Estate plans that include pets can save their lives
By Dustin Rhodes
It might sound a bit morbid, but when the pandemic first struck, my spouse and I shared the same reaction: “Uh-oh. Better write our wills.”
Until then, being in our 40’s—the thick of middle-age—we avoided anything having to do with estate planning, sickness or death because we don’t have children, and we naively pretend death is far away, creaky knees and sore backs notwithstanding.
Of course, the uncertainty of COVID-19 changed everything. So, we called an estate attorney and started writing our wills in the first month of lock-down.
Our biggest motivation, however, was less about our own demise than making sure our two dogs were taken care of. Did you know that about 10% of animals in shelters wind up there because their owner(s) die? It’s likely that many of these animal-loving people thought they had arranged for someone to care for their pet, but the reality is that a lot of people will flake out on following through on a commitment they thought would never come. Many pet owners don’t even think to ask someone.
A good friend of mine—still young, in his early 60’s—died right before the pandemic reached North America. Incidentally, he had also just adopted two schnauzers from a rescue only a couple of years beforehand. When he was diagnosed with an incurable cancer, he immediately re-wrote his will, and even more smartly, found a couple who said they would adopt his two dogs after his death. But my friend went a step further than most: In his will, he left a chunk of money to provide for his two dogs’ food and care—enough money to cover their lifetime expenses.
Surprising someone with the “gift” of your pets after you’ve passed away is a truly horrible idea and the reason so many animals end up in shelters. Instead, find someone who agrees to take care of your pets. Ask someone you know well and who knows your pets well. Also, let them know you are leaving money in your estate plans for the animals’ care.
Be generous. Many people refuse loved ones’ pets simply because of expense. Veterinary costs over the lifetime of a pet can reach into the thousands.
You can use a will, a living will or a pet trust to name the new owner of your pet, and depending on how you write your will, you can ensure that the money is only used for care. You want to ask someone who’s younger than you, who has a stable lifestyle that is conducive to pet ownership, someone who adores animals as much as you, is trustworthy, patient and kind. Pet trusts are legal in all 50 states, so it’s a durable agreement.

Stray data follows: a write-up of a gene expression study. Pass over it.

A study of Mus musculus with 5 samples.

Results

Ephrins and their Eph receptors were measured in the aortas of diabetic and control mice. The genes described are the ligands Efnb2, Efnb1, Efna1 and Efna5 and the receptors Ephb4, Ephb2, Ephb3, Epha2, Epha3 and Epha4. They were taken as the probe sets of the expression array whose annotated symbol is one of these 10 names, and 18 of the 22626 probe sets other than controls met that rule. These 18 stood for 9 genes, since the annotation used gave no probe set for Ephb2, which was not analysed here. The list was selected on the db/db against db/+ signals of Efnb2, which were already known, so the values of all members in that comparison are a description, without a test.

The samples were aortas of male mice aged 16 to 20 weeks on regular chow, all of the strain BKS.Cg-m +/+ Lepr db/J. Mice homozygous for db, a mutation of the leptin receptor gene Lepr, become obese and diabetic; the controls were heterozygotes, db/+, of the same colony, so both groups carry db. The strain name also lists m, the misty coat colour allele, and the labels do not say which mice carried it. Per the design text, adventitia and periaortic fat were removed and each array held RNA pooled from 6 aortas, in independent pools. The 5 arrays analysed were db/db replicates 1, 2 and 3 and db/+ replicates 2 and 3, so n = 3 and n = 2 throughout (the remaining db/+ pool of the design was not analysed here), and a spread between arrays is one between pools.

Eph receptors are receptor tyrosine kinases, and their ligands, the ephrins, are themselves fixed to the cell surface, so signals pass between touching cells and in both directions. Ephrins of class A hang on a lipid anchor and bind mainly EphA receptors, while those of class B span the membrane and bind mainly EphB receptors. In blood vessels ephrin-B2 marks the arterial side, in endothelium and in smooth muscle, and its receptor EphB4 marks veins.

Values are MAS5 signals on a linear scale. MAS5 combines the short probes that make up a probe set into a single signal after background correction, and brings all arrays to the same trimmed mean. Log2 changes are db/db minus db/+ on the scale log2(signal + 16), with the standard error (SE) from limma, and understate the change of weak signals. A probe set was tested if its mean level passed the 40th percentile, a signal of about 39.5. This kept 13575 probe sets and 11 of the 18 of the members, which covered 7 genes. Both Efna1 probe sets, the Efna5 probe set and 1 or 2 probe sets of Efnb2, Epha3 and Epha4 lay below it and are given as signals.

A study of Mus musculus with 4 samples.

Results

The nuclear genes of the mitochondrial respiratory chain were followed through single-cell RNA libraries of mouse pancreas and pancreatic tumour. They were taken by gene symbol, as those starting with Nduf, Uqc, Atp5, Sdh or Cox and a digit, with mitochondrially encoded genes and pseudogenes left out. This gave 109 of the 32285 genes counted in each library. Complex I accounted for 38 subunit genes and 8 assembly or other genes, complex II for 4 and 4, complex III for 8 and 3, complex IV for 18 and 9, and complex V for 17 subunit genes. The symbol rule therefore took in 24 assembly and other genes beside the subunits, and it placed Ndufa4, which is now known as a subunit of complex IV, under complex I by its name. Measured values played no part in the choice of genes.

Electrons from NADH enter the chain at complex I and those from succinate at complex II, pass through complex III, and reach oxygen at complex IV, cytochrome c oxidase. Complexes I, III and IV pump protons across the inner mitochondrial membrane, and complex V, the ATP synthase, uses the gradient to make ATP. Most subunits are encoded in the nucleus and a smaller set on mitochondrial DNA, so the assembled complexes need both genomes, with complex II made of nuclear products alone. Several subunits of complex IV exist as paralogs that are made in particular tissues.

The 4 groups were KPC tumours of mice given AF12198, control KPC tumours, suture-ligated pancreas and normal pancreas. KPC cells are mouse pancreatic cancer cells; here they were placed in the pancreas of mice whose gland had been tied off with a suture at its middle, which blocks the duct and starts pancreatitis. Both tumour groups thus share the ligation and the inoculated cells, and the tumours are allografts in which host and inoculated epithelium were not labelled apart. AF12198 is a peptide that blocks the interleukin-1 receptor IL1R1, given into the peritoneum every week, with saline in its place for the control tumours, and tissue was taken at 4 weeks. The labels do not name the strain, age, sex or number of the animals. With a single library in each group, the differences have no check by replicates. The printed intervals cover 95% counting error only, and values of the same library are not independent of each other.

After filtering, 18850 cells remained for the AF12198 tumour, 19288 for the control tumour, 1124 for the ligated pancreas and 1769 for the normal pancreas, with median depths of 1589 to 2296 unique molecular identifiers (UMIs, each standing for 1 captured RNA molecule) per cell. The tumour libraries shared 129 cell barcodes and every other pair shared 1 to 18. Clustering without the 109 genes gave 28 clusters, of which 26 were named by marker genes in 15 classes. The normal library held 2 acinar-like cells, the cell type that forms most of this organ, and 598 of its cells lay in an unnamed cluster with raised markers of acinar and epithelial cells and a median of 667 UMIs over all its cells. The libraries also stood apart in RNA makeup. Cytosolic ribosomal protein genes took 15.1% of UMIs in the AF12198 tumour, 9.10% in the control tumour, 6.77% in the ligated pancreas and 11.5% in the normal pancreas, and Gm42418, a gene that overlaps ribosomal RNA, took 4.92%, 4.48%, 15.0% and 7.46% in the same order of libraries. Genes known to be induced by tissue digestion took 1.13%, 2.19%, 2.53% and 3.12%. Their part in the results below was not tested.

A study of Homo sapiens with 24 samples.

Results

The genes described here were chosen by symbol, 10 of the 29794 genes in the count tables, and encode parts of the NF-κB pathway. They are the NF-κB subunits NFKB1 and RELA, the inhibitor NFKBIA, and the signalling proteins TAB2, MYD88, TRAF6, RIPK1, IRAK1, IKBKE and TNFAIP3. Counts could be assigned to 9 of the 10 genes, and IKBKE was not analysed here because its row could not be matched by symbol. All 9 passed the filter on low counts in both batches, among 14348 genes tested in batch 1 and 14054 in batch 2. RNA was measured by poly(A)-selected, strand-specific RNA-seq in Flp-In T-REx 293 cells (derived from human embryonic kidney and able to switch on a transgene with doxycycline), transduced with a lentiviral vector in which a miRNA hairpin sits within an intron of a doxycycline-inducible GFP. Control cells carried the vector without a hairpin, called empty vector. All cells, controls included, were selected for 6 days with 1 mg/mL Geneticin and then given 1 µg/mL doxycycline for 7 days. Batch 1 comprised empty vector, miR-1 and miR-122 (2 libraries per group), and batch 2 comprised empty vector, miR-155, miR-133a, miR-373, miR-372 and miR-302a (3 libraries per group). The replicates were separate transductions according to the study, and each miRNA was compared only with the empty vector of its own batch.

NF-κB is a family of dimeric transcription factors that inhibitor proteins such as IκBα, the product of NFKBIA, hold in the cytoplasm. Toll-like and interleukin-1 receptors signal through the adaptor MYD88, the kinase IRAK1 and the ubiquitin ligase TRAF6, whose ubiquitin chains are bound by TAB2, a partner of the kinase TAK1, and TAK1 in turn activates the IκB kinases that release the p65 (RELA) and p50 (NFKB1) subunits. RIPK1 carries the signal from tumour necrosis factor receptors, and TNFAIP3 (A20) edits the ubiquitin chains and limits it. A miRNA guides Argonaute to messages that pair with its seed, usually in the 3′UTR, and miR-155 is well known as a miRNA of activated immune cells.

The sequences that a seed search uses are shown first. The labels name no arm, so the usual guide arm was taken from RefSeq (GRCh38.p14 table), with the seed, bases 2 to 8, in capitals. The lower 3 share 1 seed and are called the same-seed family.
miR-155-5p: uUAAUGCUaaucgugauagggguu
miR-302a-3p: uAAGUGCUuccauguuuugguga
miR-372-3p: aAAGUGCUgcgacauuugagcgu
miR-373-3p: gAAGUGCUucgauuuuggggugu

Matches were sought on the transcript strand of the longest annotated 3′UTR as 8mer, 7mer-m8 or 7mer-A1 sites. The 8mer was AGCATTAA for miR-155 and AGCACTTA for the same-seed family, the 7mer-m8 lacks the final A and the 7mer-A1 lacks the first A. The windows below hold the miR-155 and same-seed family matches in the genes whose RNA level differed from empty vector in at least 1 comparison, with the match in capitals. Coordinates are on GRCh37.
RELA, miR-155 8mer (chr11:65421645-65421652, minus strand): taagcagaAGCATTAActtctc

If you don’t have a friend or family member who loves your pet(s) as much as you do, there are organizations that will care for your pet. However, these organizations are few and far between and generally require a large donation (sometimes up to $15K and even more) before they agree to take on that responsibility. You will have to research your own community—perhaps with the help of your attorney—to determine if such an organization exists locally.
Safeguarding a future for animals
While you’re working on your will, you should also consider what organizations you’d like to support as well. By providing a gift to an organization like Friends of Animals, you gain the satisfaction of knowing you continue to help save animals long after your gone.
Since I work in development, I see a lot of interesting choices people make in regard to their wills. An attorney will guide you through the process, but a larger gift, designated to a smaller number of non-profits, in my opinion, makes the greatest impact.
It’s not uncommon for people leave money to organizations that don’t exist when they die. My family decided—partially inspired by my own job—to leave money only to a handful of organizations; ones we think will be around for the coming decades, like Friends of Animals.
I’m not going to lie: Writing a will wasn’t exactly what I would call fun, but I felt some peace of mind the minute our wills were signed, a small weight lifted. If you are industrious, you can technically write a will for free. For me, that seemed intimidating, and something I could potentially mess up badly.
If you are going to ensure your beloved pets are taken care of after your death, an attorney is practically essential. If you’d like to talk to us here at Friends of Animals about your estate plans, please don’t hesitate to give myself or my co-worker Michelle (our director of administration) a call: 203-656-1522.